There are about 96.6 million singles in this country, according to the U.S. Census Bureau, and a new survey gives a surprising look at what single men and women are looking for when it comes to love.

"Early Show" Contributor and psychologist Dr. Jennifer Hartstein explained the study by popular dating website Match.com, which surveyed 5,200 singles on their ideas about love, marriage and family. Surprisingly, Hartstein said, many traditional beliefs about what men and women want were often flipped between the sexes in this study.

Hartstein explained, "The male mind -- what they found was that amongst the 21 to 24-year-olds and 50 and older, they have a greater desire to marry. So there's that age in the middle where women probably want to be married more, especially because of kids, because they have that. But men across the board want to have kids more than women do."

Wragge said, "... I think most people think, well, the women are the ones that really want the kids."

Hartstein replied, "Historically that's been true. What they actually found was that women, surprisingly want more personal space. They want to have their own interests and hobbies. And they want to have built-in girls' night out as often as they can get them."

So why have these ideas about marriage and family suddenly reversed?

"It is turning everything we've known on its ear," Hartstein said. "And I think a lot of it is that women are in a different position now than they were 30, 40, 50 years ago. They really don't have to be married to be happy. They don't have to worry about a man to provide for them. They can do a lot of that themselves."

Ideas about love-at-first sight also might not be what you'd think, according to Match.com's study.

"What they found was that 54 percent of men believe in love-at-first-sight," she said. "They believe that it can happen, whereas only 44 percent of women believe in love-at-first-sight."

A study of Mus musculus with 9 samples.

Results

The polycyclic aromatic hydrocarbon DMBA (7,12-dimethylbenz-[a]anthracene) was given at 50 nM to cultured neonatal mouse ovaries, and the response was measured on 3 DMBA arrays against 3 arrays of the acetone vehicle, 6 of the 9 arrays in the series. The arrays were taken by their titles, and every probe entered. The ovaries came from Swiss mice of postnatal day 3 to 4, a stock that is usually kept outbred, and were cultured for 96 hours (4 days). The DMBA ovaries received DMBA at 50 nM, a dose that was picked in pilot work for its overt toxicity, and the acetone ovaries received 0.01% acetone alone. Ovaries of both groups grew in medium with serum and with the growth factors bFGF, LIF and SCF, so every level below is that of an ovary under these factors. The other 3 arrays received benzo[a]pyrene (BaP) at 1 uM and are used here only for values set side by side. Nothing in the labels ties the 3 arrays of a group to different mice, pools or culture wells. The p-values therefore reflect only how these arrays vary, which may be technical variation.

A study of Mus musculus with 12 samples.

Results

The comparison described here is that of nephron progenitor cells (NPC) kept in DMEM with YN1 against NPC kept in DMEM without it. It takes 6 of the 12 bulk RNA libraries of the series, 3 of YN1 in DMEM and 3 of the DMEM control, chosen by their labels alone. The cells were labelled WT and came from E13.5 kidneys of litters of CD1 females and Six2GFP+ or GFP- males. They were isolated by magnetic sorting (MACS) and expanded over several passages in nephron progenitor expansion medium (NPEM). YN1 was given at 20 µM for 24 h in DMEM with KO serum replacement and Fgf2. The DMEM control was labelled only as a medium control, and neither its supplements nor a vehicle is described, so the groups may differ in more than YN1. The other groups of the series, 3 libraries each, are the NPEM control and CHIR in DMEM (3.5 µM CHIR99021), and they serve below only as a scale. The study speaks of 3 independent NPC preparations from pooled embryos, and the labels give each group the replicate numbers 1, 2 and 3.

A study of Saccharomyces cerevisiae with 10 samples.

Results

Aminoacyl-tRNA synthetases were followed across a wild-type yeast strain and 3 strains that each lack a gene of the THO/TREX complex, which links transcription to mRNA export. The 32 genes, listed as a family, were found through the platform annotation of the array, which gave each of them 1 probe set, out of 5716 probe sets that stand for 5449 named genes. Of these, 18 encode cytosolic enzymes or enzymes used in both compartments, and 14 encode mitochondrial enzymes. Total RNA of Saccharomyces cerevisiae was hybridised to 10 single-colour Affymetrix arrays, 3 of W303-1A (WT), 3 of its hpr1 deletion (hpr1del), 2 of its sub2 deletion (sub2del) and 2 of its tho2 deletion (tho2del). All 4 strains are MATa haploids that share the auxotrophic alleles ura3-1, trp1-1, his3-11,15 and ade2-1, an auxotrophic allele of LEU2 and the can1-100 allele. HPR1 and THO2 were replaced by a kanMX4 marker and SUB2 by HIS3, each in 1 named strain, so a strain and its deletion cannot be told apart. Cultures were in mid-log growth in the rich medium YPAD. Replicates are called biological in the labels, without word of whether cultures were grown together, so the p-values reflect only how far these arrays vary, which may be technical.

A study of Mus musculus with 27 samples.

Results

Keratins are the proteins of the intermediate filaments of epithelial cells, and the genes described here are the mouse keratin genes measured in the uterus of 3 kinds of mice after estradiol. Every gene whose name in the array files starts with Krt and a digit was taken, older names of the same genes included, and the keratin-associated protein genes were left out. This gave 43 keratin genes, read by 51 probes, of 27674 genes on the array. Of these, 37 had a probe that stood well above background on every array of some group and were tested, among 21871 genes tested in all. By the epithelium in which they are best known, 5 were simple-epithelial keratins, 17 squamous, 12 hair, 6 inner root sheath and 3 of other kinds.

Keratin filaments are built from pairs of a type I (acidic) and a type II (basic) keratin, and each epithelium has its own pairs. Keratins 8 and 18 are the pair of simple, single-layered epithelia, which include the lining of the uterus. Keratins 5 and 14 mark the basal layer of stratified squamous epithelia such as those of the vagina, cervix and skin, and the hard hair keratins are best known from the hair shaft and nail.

But why do men and women think differently on this idea?

Hartstein said, "Maybe it's that men are more impulsive emotionally on that first meeting, whereas women are much more logical about where it's going to go."

As for hook-ups and one-night stands, Harstein pointed out the landscape has changed. She said the people surveyed said one can have a successful long-term relationship following one of these meetings.

She said, "They found that 35 percent of people have a one-night stand and it actually turns into a long-term relationship. ... It's very different than what we used to think about it. ... That actually did surprise me. Although I do know some people where that has been true."

With Valentine's Day around the corner, Hartstein shared some tips for developing relationships.

She advised, "The first thing is you want to give second chances. One of the other things the study said was about three-quarters of the people didn't like the person the first time they met them, but gave them a second chance. So you also want to pursue interests. Do things you like. Maybe you'll meet people at that cooking class. Maybe you'll meet them at the sports bar. Be open-minded, and take care of yourself. Be confident and you'll meet someone that's confident and recognizes your own confidence."